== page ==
Our Town

By: James Fallows, Deborah Fallows

Goodreads link.

Start Date: 2018-12-24

End Date: 2019-01-02

Points about this book:

  • I got to know about Our Towns  from reading Bloomberg Opinion columns, if I remember right. Probably Noah Smith’s columns in specific. And it went on to the TBR queue.
  • I have immense envy for the ability of American journalists to learn how to fly, buy a plane, and then just fly about going to places. Golden country, golden age for the Fallowses.
  • This book is, in a way, the opposite of Chris Arnade’s twitter feed (I see he’s now deleted everything) / reporting / photography. Arnade went around the USA photographing people in despairs, and claimed that McDonalds was where all social or civic interaction took place. The Fallowses travel around the USA but visit the places where there’s lots of hope and optimism, and claim that public libraries are the real town squares of America. Bhai wah.
  • On the above point, since Arnade focuses on despair, and the Fallowses on hope, I suppose Arnade is in the Neil Gaiman tradition and the Fallowses are on the side of virtue, per DMC.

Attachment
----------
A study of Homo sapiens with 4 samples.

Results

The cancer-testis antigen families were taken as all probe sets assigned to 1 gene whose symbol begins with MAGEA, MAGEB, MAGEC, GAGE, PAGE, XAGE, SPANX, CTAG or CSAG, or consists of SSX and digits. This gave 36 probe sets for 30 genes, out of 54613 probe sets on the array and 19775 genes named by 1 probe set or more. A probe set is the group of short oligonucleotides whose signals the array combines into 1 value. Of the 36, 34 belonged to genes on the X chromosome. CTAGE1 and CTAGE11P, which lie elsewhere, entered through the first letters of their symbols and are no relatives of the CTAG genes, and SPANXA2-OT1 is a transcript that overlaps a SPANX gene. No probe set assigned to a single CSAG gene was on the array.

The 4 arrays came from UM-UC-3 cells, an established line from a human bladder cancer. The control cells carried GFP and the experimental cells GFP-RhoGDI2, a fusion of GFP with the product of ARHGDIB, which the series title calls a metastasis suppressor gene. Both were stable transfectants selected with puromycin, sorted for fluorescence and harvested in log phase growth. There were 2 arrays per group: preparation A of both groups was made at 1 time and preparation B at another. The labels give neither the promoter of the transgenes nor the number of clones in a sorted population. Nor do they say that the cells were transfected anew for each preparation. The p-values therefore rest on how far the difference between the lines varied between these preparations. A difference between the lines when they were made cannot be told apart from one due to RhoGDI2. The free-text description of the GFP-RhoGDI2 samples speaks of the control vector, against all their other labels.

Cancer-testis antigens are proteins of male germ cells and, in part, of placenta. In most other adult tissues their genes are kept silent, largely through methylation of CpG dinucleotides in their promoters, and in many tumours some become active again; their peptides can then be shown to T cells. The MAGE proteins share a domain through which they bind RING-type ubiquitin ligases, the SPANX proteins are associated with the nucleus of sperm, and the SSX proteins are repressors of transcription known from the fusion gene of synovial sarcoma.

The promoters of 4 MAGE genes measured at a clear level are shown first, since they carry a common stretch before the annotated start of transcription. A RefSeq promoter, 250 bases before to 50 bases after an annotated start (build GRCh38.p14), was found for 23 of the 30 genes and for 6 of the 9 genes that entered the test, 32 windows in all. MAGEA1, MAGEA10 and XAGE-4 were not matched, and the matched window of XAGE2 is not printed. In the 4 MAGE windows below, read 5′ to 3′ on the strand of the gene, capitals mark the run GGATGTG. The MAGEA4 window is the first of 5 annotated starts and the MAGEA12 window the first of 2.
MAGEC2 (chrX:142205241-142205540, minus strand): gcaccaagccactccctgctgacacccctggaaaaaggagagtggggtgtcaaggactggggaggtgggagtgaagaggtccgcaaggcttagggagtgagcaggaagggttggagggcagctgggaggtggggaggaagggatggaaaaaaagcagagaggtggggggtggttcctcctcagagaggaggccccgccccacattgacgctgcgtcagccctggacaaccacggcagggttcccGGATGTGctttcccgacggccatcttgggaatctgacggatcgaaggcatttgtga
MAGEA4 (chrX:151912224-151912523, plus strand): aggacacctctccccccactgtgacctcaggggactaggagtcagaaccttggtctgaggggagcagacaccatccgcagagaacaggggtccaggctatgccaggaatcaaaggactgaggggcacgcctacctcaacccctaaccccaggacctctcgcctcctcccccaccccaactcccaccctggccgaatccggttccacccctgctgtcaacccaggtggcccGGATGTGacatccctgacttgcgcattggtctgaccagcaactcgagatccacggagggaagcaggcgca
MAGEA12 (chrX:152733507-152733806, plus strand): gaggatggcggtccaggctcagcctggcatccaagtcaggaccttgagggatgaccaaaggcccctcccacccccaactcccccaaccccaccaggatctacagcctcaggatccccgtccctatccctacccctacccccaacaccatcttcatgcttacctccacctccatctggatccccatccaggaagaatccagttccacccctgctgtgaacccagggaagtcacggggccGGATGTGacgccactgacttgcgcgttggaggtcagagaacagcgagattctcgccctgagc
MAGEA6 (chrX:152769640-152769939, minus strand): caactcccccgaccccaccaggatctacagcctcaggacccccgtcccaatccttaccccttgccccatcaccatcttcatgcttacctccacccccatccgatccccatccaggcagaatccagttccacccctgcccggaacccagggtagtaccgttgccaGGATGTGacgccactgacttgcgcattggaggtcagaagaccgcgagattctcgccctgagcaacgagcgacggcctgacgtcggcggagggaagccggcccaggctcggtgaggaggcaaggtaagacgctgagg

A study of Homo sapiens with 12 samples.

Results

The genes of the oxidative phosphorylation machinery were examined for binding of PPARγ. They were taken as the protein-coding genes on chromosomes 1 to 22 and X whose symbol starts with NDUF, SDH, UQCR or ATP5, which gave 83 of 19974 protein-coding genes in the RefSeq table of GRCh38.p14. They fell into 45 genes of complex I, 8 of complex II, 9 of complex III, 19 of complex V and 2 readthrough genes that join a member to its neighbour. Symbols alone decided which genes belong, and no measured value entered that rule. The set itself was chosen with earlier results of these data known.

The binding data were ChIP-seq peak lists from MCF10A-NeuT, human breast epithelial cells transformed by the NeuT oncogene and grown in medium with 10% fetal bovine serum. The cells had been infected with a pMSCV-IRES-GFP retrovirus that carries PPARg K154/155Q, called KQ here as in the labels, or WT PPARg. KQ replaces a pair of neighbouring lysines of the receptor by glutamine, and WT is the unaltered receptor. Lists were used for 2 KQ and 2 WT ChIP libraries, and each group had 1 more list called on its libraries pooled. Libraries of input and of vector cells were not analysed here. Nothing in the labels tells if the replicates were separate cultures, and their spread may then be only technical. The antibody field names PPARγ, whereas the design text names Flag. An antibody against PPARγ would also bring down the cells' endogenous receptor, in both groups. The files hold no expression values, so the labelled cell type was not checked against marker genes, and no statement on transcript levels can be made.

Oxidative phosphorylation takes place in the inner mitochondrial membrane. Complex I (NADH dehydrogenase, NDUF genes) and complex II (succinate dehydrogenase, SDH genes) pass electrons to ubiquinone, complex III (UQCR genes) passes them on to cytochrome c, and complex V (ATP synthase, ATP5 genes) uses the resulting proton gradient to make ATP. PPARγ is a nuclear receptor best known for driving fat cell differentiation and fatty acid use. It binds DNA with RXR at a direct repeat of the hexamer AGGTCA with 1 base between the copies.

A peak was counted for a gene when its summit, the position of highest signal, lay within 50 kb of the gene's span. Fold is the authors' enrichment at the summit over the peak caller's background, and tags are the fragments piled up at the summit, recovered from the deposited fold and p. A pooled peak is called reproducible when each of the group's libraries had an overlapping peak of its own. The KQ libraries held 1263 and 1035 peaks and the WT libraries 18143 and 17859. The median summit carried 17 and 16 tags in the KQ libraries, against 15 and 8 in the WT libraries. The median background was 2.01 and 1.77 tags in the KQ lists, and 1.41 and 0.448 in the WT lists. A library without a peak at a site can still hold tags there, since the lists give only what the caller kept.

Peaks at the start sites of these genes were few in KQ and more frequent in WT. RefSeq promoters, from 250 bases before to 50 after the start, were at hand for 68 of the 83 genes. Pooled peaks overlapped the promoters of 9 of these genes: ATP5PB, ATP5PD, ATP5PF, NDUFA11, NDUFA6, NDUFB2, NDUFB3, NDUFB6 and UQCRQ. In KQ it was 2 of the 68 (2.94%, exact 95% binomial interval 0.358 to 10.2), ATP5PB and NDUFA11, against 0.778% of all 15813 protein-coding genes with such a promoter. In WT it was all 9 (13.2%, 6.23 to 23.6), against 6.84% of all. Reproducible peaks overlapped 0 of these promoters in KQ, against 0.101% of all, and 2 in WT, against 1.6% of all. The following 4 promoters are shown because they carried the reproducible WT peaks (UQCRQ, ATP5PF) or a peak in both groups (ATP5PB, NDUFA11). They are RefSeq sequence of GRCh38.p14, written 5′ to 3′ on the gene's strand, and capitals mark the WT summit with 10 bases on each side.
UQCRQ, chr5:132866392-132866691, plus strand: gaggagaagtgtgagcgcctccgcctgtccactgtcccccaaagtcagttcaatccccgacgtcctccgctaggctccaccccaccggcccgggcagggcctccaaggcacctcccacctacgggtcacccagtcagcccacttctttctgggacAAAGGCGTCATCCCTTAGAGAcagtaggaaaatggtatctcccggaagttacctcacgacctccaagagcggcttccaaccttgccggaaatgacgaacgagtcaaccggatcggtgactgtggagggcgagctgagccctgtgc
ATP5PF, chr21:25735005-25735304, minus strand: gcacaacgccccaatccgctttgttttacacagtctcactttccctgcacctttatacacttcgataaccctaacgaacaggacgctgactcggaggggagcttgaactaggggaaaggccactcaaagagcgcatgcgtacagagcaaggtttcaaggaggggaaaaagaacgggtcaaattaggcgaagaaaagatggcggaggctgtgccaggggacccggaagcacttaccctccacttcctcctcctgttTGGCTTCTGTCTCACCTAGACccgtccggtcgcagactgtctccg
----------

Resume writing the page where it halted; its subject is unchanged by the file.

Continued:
• And if I had to strawman Arnade, maybe he would get righteously angry at the Fallowses focusing on ‘front row kids’.
  • A onetime friend (who has gotten hyperwoke and snippy) did get very angry at Arnade once for his categorisation of ‘front row kids’. After reading Our Towns, I sympathise with that friend, because one should be on the side of the front row kids if they are the ones with either hope or a plan, or probably both.
  • I was amused at the anti-Tolstoy formulation: all unsuccessful towns have a sameness in their failure, but every success story is individual and hard to replicate.
  • The point that light aircraft views give you insights that neither being on the road, nor being in a jetliner can provide spoke to me; possibly because I’ve made a parallel observation that what you get of a neighbourhood or city from being on foot, on a cycle, or in a car, is very different, and all are important.
  • It was amusing to see praise for Erik Prince and Betsy de Vos, but their using power plant waste hot water to heat their town’s sidewalks was so ingenious. The praise is well deserved.
  • The story of the American Prairie Reserve is amazing and inspiring. Private wildlife sanctuaries for everyone!
  • The story of how Republicans are happy to vote for local taxes but are also convinced that state or national taxes will be wasted on the wrong projects or people may reflect tribalism. But it may also reflect the principal-agent problem. And with human beings, is there really any way to differentiate the two?